HS4 is a group of faculty and graduate students devoted to the study of religion, culture, art, literature, and philosophy in the ancient Mediterranean during the later Roman empire (a period known as Late Antiquity).

Active since: 2013

Closed Group of Collaborators

  • Syracuse University
  • Cornell University
  • Le Moyne College
  • Colgate University

Collaborative Goals

To support research in progress and to open new theoretical horizons for our study of ancient Mediterranean religion and culture.

Group Organizers

Georgia Frank

Charles A. Dana Professor of Religion, Colgate University

Jennifer Glancy

Rev. Kevin G. O’Connell, S.J., Professor of Religious Studies, Le Moyne College

Kim Haines-Eitzen

Paul and Berthe Hendrix Memorial Professor of Ancient Mediterranean Religions, Cornell University

Virginia Burrus

Bishop W. Earl Ledden Professor of Religion, Syracuse University

Group Members

  • Albrecht Diem (Professor of History, Syracuse)
  • Barbara Gold (Edward North Professor Classics and Greek Literature Emerita, Hamilton)
  • Karmen MacKendrick (Professor of Philosophy, LeMoyne)
  • Anne Merideth (Professor of Instruction in Religion, Univ. of Rochester)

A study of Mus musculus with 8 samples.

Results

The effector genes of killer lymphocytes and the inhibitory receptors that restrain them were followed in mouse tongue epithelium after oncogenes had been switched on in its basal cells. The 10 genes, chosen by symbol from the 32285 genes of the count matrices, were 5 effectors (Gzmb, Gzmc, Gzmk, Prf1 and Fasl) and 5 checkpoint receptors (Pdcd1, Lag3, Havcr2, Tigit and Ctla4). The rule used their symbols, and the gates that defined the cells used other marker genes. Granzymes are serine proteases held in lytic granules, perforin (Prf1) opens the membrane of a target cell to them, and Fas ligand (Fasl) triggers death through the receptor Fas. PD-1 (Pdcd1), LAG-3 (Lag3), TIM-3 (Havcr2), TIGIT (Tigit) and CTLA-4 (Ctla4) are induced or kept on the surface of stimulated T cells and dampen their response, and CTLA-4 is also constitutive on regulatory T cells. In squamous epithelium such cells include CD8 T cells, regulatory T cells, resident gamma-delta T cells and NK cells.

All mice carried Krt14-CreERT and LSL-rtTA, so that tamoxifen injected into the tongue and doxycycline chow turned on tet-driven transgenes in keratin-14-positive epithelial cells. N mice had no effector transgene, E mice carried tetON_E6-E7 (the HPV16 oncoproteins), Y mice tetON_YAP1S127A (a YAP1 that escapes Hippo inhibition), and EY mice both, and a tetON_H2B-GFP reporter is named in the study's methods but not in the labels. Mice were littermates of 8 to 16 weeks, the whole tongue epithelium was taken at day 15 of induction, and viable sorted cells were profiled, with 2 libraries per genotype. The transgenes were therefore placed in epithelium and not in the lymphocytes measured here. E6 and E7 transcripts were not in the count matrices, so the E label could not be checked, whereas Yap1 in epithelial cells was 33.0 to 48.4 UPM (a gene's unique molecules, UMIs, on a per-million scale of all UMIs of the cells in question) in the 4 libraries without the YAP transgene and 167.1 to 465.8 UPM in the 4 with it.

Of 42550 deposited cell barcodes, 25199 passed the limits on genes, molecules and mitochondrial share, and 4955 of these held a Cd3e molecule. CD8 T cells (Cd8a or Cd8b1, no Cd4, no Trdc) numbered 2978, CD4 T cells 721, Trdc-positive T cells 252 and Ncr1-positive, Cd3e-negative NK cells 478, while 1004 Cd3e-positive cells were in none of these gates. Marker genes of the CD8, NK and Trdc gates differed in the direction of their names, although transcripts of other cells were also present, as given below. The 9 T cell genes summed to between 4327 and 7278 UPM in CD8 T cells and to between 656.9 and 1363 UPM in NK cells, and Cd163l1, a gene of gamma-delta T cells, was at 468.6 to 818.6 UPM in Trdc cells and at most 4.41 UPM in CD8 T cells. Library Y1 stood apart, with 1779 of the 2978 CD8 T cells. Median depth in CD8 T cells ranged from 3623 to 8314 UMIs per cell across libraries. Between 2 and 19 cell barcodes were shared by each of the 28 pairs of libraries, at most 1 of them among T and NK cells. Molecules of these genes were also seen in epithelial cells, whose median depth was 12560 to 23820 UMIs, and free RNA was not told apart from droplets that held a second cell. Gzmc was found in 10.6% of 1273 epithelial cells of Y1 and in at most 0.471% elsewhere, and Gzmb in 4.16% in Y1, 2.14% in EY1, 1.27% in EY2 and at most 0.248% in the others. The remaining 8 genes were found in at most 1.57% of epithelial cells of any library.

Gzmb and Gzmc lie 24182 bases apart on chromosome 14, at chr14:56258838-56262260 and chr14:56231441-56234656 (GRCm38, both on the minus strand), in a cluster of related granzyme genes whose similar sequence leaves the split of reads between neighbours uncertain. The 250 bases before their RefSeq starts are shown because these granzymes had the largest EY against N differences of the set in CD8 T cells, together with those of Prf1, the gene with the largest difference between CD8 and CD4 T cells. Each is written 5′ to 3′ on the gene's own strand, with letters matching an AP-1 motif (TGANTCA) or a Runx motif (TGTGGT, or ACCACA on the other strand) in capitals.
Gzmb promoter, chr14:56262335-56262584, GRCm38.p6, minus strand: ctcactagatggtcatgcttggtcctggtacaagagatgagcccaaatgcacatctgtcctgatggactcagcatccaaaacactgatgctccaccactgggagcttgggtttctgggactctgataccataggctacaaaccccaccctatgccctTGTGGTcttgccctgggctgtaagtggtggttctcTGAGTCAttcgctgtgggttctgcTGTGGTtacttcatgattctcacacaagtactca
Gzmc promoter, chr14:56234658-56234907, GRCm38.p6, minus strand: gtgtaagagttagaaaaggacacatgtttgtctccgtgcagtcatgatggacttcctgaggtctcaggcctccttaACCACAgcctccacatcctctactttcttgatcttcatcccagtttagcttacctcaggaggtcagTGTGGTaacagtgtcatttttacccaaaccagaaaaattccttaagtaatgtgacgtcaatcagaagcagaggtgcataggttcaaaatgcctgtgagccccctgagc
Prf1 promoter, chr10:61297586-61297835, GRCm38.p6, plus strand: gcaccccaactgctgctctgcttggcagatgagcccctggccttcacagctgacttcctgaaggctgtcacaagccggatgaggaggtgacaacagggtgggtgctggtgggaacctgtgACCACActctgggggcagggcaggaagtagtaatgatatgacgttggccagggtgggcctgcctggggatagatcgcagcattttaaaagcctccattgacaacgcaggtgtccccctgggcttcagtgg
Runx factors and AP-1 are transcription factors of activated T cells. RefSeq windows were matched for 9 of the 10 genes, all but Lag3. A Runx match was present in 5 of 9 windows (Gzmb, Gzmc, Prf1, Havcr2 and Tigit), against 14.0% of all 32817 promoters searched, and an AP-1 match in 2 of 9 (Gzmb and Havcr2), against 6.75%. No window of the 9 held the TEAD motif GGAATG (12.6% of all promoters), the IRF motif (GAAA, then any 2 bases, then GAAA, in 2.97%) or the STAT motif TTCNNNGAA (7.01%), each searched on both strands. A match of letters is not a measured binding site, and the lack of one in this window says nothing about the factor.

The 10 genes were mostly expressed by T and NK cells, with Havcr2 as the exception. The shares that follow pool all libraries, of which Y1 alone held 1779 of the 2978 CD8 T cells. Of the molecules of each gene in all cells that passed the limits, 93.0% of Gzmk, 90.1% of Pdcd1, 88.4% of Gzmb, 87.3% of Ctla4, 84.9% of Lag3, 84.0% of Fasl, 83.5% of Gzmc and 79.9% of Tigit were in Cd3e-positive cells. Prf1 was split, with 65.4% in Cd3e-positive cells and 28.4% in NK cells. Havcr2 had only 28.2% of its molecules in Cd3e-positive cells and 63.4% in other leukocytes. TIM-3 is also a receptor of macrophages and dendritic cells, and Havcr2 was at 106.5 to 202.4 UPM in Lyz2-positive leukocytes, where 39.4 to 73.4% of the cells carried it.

• Patricia Cox Miller (Bishop W. Earl Ledden Professor, Emerita, Department of Religion, Syracuse)
  • Glenn Peers (Professor and Director of Undergraduate Studies in Art History, Syracuse)
  • Carolyn Twomey (Visiting Assistant Professor of History, St. Lawrence)
  • Suzanne Abrams Rebillard (Corning Museum of Glass)
  • Rebecca Krawiec (Professor of Religious Studies, Canisius College)

Group Outcomes

The group has fostered a community for scholars of pre-modern Mediterranean religions to gather and share work of interest, work in progress, and by Corridor members and scholars visiting the area. The group has been intent on connecting our analyses of ancient literary texts in intersectional frameworks. Thus, we have also read contemporary theorists in gender, queer, sexuality, race, new materialism, and environmental studies. The group supported one another in exploring and integrating these perspectives in analyses of the pre-modern world. This group is regularly mentioned in Acknowledgment pages of any of these books listed as well as in visiting writers' acknowledgments.